It's probably an illusion that Americans are well-nourished. We may be overfed but not with substantial nutrients. Chances are that most Americans are not getting all the nutritional support needed for maintaining good health from their diets alone.
Dietary surveys show that 30 to 50 percent of the total caloric intake of the typical American is made up of highly processed, adulterated, nutrient-deficient foods. For example, white flour lacks 60 percent of its original calcium, 71 percent of phosphorus, 75 percent of iron, 67 percent of copper and 85 percent of manganese.
The McGovern Senate Select Committee on Nutrition and Human Needs proposes that "our eating habits may be as profoundly damaging to the Nation's health as the widespread contagious diseases of the early part of the century."
Studies show that health and longevity are increased by avoiding smoking, drinking moderately or not at all, controlling weight, reducing stress, exercising regularly, and eating a well-balanced diet.
LEARN TO EAT SMART
The first step to eating smart is to eat a balanced diet, including fiber, and restricting intake of fat and refined sugars and flours. The American Cancer Society has recognized that there is a relationship between certain types of cancer adn the way people eat. Most people should eat as varied a diet as possible and become better acquainted with all kinds of fresh vegetables, fruits, fish, poultry, eggs, 100 percent whole grains, nuts and seeds.
The American Heart Association proposes that total fat intake should be less than 30 percent of total calories. Saturated fat intake should be low as possible, poly-unsaturated fat should be less than 10 percent, and mono-unsaturated fat intake can be as much as desired, as long as it doesn't increase the total fat intake over 30 percent.
Vitamins are organic chemical compounds needed for normal growth, health, metabolism and well-being. Vitamins are an essential component of enzymes and also form an essential part of many hormones.
There are probably hundreds of vitamin-like substances, but only a few are widely recognized. It is a well-documented fact that the lack of one or more of these substances in the diet will lead to specific metabolic disorders. Because vitamins cannot be manufactured by the cells of the body, they must be supplied in the diet.
Today, scientists are discovering that even minor vitamin deficiencies may be implicated in less than optimal health. Studies have shown that fewer than 10 percent of Americans actually meet the minimum Recommended Daily Allowances (RDA) for important vitamins and minerals. More and more, mainstream experts are admitting that supplementation makes good sense. Forty percent of all Americans use vitamin supplements.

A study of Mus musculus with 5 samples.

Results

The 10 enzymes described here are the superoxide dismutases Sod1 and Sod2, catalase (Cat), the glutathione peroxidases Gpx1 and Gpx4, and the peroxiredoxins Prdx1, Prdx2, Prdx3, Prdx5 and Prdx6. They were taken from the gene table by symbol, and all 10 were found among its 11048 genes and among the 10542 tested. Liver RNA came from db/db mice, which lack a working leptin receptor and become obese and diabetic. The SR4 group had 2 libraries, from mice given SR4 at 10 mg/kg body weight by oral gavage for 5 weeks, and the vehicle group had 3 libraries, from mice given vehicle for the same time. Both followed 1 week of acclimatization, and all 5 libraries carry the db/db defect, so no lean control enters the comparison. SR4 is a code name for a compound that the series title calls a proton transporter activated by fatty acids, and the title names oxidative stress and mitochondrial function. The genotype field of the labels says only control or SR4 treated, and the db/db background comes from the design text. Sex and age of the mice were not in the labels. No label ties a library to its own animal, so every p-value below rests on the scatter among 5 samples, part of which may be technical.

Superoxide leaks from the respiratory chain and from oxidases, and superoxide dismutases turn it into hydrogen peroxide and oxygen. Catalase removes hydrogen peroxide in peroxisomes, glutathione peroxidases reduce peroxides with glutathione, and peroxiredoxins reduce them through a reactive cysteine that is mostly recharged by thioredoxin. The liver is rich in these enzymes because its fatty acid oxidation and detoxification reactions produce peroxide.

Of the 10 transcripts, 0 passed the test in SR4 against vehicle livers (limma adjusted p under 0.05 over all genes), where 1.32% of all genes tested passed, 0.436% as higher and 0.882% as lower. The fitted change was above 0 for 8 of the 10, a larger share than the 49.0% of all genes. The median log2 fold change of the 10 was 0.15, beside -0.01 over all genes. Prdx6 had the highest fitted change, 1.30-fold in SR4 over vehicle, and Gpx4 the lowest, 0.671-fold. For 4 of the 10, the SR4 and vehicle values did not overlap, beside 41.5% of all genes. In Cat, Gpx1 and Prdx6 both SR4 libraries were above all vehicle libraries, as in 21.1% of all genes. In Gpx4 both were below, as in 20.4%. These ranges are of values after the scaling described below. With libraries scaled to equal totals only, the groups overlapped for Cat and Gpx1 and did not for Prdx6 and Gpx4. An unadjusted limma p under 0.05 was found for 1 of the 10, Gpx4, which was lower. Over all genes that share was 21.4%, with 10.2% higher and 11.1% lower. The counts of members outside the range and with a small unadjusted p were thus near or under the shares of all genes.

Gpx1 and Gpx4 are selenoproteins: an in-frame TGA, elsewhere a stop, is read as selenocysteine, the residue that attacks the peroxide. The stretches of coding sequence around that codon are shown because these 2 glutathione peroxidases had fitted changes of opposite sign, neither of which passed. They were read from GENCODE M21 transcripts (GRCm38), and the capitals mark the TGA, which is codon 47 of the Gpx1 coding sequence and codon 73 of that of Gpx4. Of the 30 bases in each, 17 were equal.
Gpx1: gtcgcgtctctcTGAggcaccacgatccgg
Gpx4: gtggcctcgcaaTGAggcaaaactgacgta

Refer to your NSP Vitamin Chart for detailed information on how vitamins work in the body, and for food and herbal sources of vitamins.
“Many experts now agree that supplements make sense. Since about 50 percent of dieticians use them, there is a strong—albeit silent—message in their actions. RDA shortfalls can be made up with general supplementation for about 10 cents a day. It would be cheap at twice the price, considering we consume more than 60 cents worth of soft drinks daily per capita.” -- Dr. James Scala, Ph.D, developer of NSP’s SynerPro nutritional supplements
“We are now entering the second wave of vitamin research. . . the first wave was the discovery of vitamins and their role in combatting nutritional deficiencies such as rickets and beriberL That occurred in the first half of the century Now we’re onto the second wave. You don’t need to take vitamin C to prevent scurvy in this country today. But you could need it for optimal health.” -- Jeffrey Blumberg, associate director of the Human Nutrition Research Center on Aging at Tufts University
The human body contains trace amounts of dozens of essential minerals such as zinc, copper, calcium, and others, all of which function interdependently. These minerals amount to about 4 percent of body weight. Only the functions of about 20 of them have been at least partially identified.
Minerals which form essential parts of enzymes, are necessary for growth, maintenance, repair of tissues and bones, help transport oxygen to the body’s cells, help muscles function and play a role in the function of the central nervous system.
We have included here a detailed mineral chart which includes specific minerals and how they function in the body, as well as their NSP sources.
Special Features of NSP Minerals:
• Chelated for optimal absorption and utilization.
• Combined synergistically with herbs and vitamins for maximum nutrition.
• Specially formulated for balance—some minerals must be combined with others to function properly.